To examine the relationships of obesity and fat patterning with morbidity and mortality in Black Americans.
Studies have shown that fat patterning is an important risk factor for diabetes and possibly cardiovascular diseases. The Secretary's Task Force on Black and Minority Health in 1985 concluded that diabetes and cardiovascular diseases were among the six causes of death that contribute most to the disparity in death rates between Blacks and whites, yet the relationship of fat patterning with these diseases was largely unstudied in Blacks. Since there are known racial differences in growth rates, body proportions, and adiposity, it cannot be assumed that studies done on whites are applicable to Blacks.
The Charleston Heart Study began in 1960 with the examination of a random sample of 2181 residents of Charleston County. Approximately one-third of the sample was Black. The cohort was re-examined in 1963-1964, 1974-1975, and 1984-1985, and the fifth recall involving physical examination, electrocardiogram, echocardiograph, plasma glucose and lipid assays, physical disability assessment, and 24-hour Holter monitoring was completed. In the 1963-1964 recall, 102 high socioeconomic status Black men were added to the cohort. Also, in the 1963-1964 recall a battery of anthropometric measurements were taken on about half the cohort and these measurements and others were included in the 1987-1988 recall. Thus height, weight, reported weight at age 25, circumference of the chest at inhale and exhale, circumference at the umbilicus and mid-arm circumference were available on the same individuals from the 1963-1964 and the 1987-1988 examinations. In addition, skinfolds at the triceps, biceps, subscapular, suprailiac and lower thigh and circumference at the hips were measured in the latter recall. The fifth examination was completed in 1989 under separate NHLBI grant support.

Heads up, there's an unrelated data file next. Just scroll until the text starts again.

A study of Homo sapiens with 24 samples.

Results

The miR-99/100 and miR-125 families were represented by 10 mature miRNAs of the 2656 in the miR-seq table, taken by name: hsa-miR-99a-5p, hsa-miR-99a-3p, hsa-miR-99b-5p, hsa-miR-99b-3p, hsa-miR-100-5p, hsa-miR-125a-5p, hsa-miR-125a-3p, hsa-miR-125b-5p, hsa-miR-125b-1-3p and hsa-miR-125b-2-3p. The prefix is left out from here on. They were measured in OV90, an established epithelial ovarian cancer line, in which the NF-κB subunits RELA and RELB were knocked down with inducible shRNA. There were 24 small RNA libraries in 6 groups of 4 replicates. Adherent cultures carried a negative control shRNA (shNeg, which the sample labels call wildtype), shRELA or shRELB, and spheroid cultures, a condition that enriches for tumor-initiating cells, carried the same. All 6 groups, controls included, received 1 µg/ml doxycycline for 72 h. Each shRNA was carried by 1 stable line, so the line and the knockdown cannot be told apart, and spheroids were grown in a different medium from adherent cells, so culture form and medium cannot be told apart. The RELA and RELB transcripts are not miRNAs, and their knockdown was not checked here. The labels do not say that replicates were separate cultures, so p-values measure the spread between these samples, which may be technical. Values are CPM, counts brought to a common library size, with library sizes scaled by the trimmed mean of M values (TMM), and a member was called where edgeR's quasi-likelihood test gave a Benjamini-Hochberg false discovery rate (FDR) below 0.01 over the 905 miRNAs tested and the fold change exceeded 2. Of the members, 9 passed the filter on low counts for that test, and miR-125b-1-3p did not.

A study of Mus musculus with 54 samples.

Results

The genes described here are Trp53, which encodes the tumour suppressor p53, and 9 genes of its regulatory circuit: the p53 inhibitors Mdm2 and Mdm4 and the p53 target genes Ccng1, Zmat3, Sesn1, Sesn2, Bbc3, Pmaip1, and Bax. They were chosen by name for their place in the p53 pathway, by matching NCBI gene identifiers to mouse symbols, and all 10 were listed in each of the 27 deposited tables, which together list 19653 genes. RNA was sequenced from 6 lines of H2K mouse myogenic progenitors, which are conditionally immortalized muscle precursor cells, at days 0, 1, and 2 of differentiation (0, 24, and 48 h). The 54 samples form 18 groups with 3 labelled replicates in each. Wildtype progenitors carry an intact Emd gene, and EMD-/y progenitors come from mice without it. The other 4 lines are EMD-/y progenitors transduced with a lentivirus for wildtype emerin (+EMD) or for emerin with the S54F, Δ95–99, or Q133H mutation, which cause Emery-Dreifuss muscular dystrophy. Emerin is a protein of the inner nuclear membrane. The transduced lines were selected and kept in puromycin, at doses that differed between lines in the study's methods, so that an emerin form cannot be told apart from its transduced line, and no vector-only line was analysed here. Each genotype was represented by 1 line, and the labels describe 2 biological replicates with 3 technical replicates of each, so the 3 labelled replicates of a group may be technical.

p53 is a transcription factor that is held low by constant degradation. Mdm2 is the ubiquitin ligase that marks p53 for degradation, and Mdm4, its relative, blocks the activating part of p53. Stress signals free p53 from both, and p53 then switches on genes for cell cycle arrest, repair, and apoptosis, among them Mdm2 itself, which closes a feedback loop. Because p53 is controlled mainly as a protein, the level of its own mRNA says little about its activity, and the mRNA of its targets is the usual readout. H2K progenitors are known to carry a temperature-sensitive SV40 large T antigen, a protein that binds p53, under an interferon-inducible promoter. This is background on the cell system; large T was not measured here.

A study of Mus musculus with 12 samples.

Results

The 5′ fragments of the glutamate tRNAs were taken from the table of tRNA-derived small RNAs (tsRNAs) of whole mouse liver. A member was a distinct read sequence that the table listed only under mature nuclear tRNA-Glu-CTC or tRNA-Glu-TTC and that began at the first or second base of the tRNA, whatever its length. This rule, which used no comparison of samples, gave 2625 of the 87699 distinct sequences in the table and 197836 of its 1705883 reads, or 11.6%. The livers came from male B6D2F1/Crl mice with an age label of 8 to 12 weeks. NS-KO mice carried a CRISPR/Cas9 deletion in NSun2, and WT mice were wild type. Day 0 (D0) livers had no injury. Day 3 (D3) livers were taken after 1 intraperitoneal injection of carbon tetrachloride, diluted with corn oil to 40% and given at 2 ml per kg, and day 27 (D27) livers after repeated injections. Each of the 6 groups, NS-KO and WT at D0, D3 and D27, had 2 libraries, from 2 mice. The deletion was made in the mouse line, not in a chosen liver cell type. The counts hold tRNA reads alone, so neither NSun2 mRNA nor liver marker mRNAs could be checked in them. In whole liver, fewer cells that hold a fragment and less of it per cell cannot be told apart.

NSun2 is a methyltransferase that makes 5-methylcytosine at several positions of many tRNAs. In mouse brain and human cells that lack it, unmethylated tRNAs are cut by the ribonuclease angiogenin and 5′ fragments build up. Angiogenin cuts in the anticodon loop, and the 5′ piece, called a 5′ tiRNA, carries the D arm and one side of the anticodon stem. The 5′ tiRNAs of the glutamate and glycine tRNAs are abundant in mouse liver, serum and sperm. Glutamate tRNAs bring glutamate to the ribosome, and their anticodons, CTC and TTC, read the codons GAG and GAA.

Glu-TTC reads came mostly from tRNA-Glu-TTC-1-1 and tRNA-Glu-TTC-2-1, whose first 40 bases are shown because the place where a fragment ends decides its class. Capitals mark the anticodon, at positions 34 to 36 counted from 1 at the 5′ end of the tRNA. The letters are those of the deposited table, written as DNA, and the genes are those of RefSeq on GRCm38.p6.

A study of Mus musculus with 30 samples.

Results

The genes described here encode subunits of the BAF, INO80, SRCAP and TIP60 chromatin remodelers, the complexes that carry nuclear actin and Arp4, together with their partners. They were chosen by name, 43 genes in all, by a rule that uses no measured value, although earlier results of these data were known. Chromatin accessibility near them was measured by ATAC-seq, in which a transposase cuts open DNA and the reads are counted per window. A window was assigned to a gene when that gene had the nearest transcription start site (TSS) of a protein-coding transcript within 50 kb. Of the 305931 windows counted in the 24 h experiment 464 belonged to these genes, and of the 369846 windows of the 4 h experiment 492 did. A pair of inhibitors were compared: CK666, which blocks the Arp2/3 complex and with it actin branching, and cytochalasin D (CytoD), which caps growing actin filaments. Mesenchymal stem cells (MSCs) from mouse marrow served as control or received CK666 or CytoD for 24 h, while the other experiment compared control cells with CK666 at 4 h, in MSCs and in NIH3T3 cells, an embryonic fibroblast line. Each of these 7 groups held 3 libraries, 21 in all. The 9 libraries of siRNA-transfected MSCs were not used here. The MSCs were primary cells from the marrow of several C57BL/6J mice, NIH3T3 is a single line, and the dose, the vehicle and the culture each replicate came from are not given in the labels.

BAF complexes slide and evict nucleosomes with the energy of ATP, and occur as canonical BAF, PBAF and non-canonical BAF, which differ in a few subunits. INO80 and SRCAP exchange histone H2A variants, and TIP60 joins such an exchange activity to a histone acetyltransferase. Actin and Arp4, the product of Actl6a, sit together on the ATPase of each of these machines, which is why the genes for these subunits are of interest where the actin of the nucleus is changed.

Cross-sectional relationships were estimated between anthropometric measures of body dimensions such as abdominal, central and upper body fat patterning, and total adiposity and the dependent variables of diabetes, blood pressure, plasma lipids and glucose, and left ventricular wall thickness. Anthropometric predictors of diabetes, blood pressure, plasma lipids and glucose, and left ventricular wall thickness were identified over a 24 year interval. Anthropometric predictors of survival were identified over a 25 year period with reference to mortality for coronary heart disease, cardiovascular disease, and all-cause mortality. Body dimensions were described by race and sex groups and changes in the shapes of individuals over a 24 year interval were examined. The importance of changes in anthropometric measurements with aging was determined for the prediction of diabetes, blood pressure, plasma lipids and glucose, left ventricular wall thickness, mortality from all causes and from coronary heart disease and cardiovascular disease.